To The Editor: My husband and I were very fortunate to witness something very touching on one of our day trips to Jacks River last summer. There was another couple there. It was not your …
To The Editor:
My husband and I were very fortunate to witness something very touching on one of our day trips to Jacks River last summer.
There was another couple there. It was not your typical couple for the location. They were in their late-60s to early-70s. The lady wore the battle scars of chemo: loss of hair, frail body and pale complexion.
We observed as the man would cautiously guide her into the water. Then he would gently help her lower herself to sit safely on a rock out in the middle of the river. Next, he would retrieve their tubes from the riverside [and then make] his way back to where she sat on the rock, patiently waiting for him to return to her.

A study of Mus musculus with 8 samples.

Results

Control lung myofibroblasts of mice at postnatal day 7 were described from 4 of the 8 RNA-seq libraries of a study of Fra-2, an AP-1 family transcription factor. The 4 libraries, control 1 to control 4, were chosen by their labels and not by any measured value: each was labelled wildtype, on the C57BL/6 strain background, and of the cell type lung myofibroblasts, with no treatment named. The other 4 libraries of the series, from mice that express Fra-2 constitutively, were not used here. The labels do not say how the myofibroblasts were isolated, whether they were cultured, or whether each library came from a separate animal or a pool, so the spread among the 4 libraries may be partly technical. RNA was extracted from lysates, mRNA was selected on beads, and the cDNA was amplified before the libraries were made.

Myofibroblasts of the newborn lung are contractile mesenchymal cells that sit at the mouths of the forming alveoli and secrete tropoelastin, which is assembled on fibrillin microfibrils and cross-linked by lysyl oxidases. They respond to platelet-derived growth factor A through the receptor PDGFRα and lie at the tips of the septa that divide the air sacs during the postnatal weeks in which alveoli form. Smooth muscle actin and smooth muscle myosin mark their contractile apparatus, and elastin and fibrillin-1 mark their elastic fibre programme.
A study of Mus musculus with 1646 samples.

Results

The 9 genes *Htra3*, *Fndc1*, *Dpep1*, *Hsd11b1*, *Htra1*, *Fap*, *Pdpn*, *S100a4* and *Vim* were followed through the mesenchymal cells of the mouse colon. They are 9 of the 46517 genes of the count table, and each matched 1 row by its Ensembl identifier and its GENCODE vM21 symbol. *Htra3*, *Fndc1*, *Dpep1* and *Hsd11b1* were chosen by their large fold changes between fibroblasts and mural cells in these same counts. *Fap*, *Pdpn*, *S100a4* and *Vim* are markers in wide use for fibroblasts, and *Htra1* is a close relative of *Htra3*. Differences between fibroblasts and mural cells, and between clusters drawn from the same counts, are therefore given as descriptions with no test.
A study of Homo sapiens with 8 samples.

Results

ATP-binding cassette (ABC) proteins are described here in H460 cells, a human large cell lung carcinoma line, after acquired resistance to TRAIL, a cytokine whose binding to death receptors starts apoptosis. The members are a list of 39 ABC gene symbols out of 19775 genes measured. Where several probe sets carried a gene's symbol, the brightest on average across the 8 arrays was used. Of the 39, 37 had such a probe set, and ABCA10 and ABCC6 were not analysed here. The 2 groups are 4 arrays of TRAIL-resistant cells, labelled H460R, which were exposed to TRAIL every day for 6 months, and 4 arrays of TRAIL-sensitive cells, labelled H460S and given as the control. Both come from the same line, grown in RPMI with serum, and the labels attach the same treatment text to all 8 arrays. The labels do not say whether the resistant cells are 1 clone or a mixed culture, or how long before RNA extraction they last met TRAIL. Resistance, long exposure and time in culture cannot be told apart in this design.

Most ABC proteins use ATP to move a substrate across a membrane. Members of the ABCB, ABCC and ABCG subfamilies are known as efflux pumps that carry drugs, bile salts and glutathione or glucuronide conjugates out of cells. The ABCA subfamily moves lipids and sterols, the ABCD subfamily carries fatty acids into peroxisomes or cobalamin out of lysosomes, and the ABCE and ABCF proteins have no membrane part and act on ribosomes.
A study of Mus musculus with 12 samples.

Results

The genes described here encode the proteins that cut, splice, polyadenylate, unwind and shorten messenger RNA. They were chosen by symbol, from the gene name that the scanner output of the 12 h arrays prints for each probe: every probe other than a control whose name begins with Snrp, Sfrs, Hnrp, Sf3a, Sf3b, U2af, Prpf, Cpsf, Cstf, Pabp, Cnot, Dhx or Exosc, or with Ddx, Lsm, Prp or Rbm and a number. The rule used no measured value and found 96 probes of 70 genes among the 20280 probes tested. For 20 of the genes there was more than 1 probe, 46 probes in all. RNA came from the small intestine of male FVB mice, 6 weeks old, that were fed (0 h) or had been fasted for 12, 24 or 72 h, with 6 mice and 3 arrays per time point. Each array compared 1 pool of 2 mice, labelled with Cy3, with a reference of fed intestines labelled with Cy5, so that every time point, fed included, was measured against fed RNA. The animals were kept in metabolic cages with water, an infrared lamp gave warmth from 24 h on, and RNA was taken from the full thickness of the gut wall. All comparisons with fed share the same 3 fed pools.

Helping her up from the rock, he would carefully place her into the tube … positioning her behind the rock to anchor her while he mounted his own tube.
At that time, they began their precious journey, floating hand-in-hand a short distance downstream.
At the end of the ride, he would help her dismount the inner tube just as carefully and patiently as he had when getting into it. They repeated this process three or four times … each time, making the journey hand-in-hand.
While watching the experience, my husband and I found ourselves making up the story line of what brought them to the river. Could this place possibly hold some of their fondest memories? Perhaps it is the place where they first declared their love for one another. Or could it be a scenario of a more heavy-hearted theme … something more of a “bucket list” item to fulfill while there was still time?
One thing is for certain, no matter what the back story of that day might be: True and pure love is a profoundly beautiful thing.